Published: May 5th 2012May 5th 2012
Thursday 26th April - Salta
Argentina seemed a nice enough place on first sight, maybe not quite as attractive, affluent and European as we expected but it was certainly a lot more expensive than everywhere else we'd been to in South America. As a result we've decided to try and make a concious effort to be more economical which meant a return to the supermarket and more home made ham and cheese sandwiches.
Friday 27th April - Salta
One of the benefits of arriving in a more European style country was the potential to indulge in a game of golf which is quite common here. Before we could do this however, we had to secure some coin change in order to ride the local buses which is harder to obtain than you might imagine. It's so hard in fact, the first trouble of this kind we've had anywhere, that it's an embarressment to this so called democracy. If they can't afford to make any coins, I think the chances of them finding any soldiers with ammo to launch an offensive in The Falklands are slim to non existent and a lot longer than double carpet for any racing
punters out there. Despite this they can somehow afford to stick road signs everywhere saying´Las Malvinas es Argentine' so I guess they'll just stick to that and whining about us to anyone that'll listen for the forseeable future. Bus companies that collect the coins sell them on the black market resulting in a mass shortage everywhere which meant after about 10 failed attempts in shops to get some we ended up in a huge que in the National Bank before securing just over a pounds worth for all the effort. We jumped on the bus with the name of a Golf Club and an area or barrio name as they call it and despite the small efforts of the bus driver he managed to drop us on the side of a dual carriageway on the edge of town in the middle of nowhere with not a course in sight which we later found out was actually about 2 miles away. An old lady who didn't speak a word of english seemed compelled to help us and led us 500 yards up the dual carriageway into the offices of a radio station. Miraculously the 4th person who came out from the
office to try and help us was the owner Javier who spoke good English and listed London as his favourite city in the world. Out of nowhere and with a lot of bravado he was phoning up the course where he was a member, The Salta Polo Club, which he confidently said was far superior to the dog track we had been heading to and sending us there as his guests with instructions to ask for the the Pro Lucho who would sort us out with everything. Amazing, he was far more helpful to me in lining me up a game of golf, a complete stranger lost walking in off the street, than a so called pro golf friend of mine from home I've known 20 years who couldn't be bothered to sort me out with a game with some people he knew. Anyway, 20 minutes later we were being treated like exhalted guests and I was walking onto the 1st tee with my new caddie Carlo for a quick 18 hole loop. The rest of the caddy troop stood up and gathered round to see me off as I struggled to keep it on the course for the first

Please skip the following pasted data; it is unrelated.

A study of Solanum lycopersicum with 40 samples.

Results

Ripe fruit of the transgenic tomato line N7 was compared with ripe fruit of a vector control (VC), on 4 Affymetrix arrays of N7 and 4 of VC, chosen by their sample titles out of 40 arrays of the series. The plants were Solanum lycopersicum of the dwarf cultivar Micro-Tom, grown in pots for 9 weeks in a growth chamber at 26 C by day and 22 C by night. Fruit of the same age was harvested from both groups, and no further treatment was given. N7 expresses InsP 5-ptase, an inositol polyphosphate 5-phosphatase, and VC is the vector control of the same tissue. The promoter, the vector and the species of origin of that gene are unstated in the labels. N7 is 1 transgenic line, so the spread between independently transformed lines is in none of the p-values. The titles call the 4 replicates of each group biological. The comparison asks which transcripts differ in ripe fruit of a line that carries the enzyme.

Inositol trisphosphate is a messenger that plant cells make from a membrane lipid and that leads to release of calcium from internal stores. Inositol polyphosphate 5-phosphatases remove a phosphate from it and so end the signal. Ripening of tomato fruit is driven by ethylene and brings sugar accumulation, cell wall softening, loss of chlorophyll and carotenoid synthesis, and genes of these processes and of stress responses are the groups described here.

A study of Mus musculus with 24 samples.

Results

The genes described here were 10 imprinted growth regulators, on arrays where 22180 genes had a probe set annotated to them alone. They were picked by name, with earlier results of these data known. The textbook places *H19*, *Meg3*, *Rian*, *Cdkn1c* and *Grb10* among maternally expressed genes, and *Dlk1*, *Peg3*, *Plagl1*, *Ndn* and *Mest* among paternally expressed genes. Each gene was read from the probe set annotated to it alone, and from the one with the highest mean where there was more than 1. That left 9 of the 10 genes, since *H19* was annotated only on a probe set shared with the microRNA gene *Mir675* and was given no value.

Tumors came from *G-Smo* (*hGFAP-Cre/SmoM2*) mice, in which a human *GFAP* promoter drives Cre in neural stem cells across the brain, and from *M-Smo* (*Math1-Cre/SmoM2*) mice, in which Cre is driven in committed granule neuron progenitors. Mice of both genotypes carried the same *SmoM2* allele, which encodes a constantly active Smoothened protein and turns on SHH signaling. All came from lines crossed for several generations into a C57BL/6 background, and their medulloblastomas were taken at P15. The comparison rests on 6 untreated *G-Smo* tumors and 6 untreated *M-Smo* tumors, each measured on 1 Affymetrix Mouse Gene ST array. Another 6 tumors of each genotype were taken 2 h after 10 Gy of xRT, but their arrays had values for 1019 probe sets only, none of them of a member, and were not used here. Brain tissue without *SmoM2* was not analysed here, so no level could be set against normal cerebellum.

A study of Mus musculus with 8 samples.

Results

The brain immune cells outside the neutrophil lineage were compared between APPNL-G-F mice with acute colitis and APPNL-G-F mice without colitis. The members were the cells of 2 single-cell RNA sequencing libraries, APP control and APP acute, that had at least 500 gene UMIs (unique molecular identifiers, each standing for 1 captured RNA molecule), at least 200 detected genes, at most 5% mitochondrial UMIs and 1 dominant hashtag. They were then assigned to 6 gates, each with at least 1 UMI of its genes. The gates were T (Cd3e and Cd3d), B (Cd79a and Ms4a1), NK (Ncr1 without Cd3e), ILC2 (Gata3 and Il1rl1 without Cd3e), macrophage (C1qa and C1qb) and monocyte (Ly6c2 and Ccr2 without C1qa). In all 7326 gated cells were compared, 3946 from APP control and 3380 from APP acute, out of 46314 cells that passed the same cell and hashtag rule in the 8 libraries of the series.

few holes, dropping 10 shots in 5 holes, before finding some rhythm and hitting some solid shots enroute to an 82.
Saturday 28th April - Salta to Cafayate
We slept well after our 5 mile walk round a wet, heavy golf course in the drizzle and ironically 1 week on as I write this and we haven't seen a cloud since. 4 hours later and we were in Cafayate, a small picturesque touristy wine retreat for Argentines in the countryside.
Sunday 29th April - Cafayate
A very pleasant place to spend a few days relaxing if ever you get the chance but unfortunately if you're not from Argentina, it's a remote place to get to. I took Stacie for a nice long walk through the vineyards in the midday sun which I think she appreciated very much. We stopped for the quickest wine tasting tour in history, I guess they realised quickly we weren't flush cash, which lasted all of 10 minutes. I then led Stacie on another walk to view the new Cafayate Golf Resort which at about 4 miles each way was a bit further than I'd envisaged and we were lucky not to
be eaten by wolves as we returned to town in the dark. The resort/ estate has been open for about 2 years and I think has in excess of 150 plots of land for development so judging by the 3 or so houses built so far I don't envy the estate agents job much. Next stop Tafi Del Valle and hopefully a good chance to indulge in some cheese tasting.